Transgender Day of Remembrance Vigil Held in Duluth

Annual vigil memorializes transgender lives lost to murder and suicide

DULUTH, Minn. – So far this year in the U.S., at least twenty-two transgender or non-conforming people have been fatally shot or killed by other means, according to the Human Rights Campaign.

Transgender Day of Remembrance is held on November 20th every year. It memorializes transgender lives lost to murder and suicide and aims to bring attention to how common that violence has become.

“I’ve had friends die, I’ve had people I consider close friends and even family die, be hospitalized to to violence and I don’t like seeing that happen and I honestly don’t want violence happening to anybody, let alone my friends,” said Morgan Richardson who attended the Duluth vigil.

The annual event on the corner of Lake Avenue and Superior Street brings attention to an issue many in the Twin Ports may not be aware of.

“Suicide rates are very high for transgender people and hate crimes perpetrated against LGBTQ people in general and transgender people in particular are extremely high,” said Kathy Hermes of Lutheran Social Services.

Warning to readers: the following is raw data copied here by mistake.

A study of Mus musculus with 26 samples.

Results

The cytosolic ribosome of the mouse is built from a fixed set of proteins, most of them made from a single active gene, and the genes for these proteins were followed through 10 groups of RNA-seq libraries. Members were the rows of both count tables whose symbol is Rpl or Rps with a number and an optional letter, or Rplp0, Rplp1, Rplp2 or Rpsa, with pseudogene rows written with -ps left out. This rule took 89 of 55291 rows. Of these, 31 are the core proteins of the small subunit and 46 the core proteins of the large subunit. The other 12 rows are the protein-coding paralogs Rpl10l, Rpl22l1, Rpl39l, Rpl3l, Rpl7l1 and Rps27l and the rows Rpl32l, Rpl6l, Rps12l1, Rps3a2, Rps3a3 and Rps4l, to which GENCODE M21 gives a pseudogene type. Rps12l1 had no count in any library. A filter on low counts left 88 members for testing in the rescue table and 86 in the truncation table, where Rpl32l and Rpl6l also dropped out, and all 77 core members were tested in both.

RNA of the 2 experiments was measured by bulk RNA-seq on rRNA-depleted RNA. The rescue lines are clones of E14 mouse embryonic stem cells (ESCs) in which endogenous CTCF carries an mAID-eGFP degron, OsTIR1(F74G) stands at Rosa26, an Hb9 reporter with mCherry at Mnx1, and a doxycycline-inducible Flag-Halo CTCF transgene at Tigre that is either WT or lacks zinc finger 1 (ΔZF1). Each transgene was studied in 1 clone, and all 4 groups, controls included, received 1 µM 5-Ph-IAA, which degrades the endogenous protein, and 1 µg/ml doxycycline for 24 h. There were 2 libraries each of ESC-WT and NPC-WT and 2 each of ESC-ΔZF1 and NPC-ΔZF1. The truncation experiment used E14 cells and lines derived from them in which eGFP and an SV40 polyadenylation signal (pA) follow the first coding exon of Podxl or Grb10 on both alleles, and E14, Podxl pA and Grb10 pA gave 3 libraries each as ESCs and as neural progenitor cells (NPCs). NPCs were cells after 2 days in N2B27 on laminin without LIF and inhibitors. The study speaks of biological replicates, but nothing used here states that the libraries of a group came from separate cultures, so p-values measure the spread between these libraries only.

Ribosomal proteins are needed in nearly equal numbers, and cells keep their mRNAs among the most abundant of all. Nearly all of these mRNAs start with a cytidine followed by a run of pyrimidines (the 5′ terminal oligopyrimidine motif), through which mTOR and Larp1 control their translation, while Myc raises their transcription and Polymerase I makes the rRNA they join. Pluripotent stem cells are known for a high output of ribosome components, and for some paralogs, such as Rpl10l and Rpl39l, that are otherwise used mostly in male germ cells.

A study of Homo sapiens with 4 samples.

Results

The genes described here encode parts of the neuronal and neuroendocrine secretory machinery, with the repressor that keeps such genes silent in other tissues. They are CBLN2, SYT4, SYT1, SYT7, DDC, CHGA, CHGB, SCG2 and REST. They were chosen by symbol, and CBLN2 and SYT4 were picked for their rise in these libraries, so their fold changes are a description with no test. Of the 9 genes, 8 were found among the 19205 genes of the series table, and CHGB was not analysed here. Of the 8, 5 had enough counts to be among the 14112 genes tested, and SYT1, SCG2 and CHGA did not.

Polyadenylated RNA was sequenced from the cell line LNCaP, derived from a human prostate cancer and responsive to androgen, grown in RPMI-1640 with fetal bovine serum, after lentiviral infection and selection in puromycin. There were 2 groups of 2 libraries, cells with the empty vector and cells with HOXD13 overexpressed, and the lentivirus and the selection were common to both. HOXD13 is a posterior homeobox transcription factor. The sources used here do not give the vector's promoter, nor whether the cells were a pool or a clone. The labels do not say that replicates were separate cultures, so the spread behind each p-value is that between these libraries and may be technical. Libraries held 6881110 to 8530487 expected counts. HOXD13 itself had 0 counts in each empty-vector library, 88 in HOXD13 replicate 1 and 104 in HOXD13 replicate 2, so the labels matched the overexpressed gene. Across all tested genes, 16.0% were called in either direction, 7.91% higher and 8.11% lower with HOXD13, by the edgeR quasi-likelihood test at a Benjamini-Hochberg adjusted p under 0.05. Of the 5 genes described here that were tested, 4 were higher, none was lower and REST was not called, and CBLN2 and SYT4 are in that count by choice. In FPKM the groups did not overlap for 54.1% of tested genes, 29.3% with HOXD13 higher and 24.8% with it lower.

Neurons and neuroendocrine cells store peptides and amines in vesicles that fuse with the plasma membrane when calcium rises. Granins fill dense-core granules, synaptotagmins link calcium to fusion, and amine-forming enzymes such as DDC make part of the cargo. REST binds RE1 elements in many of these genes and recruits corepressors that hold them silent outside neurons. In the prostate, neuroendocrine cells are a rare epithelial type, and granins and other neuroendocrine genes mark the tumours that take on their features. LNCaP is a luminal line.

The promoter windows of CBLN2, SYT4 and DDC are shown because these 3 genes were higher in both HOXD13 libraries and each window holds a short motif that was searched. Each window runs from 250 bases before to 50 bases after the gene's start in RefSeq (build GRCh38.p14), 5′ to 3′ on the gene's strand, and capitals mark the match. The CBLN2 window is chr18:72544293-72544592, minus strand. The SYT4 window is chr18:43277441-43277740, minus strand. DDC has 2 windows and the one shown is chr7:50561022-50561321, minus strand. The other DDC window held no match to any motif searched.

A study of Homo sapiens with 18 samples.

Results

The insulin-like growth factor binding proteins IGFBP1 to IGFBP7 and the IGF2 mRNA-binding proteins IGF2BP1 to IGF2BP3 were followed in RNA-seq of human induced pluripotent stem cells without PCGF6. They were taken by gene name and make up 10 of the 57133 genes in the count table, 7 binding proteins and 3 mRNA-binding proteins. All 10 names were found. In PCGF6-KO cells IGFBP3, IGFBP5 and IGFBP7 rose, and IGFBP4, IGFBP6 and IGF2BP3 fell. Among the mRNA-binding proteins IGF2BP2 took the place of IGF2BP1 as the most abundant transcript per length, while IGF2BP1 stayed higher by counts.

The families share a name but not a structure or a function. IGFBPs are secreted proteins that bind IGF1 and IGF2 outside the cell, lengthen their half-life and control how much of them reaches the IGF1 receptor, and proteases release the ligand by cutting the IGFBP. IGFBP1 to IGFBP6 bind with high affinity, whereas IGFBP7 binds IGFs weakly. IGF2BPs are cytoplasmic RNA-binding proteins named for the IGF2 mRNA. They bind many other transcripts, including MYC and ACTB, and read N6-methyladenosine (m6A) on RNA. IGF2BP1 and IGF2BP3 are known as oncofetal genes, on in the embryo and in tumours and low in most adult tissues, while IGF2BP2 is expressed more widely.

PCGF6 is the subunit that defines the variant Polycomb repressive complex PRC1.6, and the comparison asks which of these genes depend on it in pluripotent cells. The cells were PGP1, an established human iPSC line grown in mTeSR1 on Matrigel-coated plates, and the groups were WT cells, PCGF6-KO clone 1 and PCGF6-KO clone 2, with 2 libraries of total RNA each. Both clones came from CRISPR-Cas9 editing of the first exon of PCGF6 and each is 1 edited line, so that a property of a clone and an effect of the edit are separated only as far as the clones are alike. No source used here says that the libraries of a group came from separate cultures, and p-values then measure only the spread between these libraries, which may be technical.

Demonstrators read the names of every transgender life lost in the past year. They also make encouraging signs and hold them up proudly, working to build community support.

“We’ve seen a change in the reactions of people who drive by,” said Hermes. “There’s a clear increase in positive response to our presence and many fewer incidents of people expressing themselves in negative ways toward us.”

Organizers say it’s easy to help their cause. Friends and family are encouraged to always use names and pronouns of each person’s choosing, and businesses are encouraged to hire more trans-identified people.

“We have many normal and beautiful transgender colleagues, friends, family members, co-workers who deserve full lives and part of that is simply acknowledging their existence,” said Hermes.

It’s not known how many crimes against transgender people are directly because of biases against them. However, their status is believed to put them at risk in other ways, including making it tough for them to access healthcare when they need it.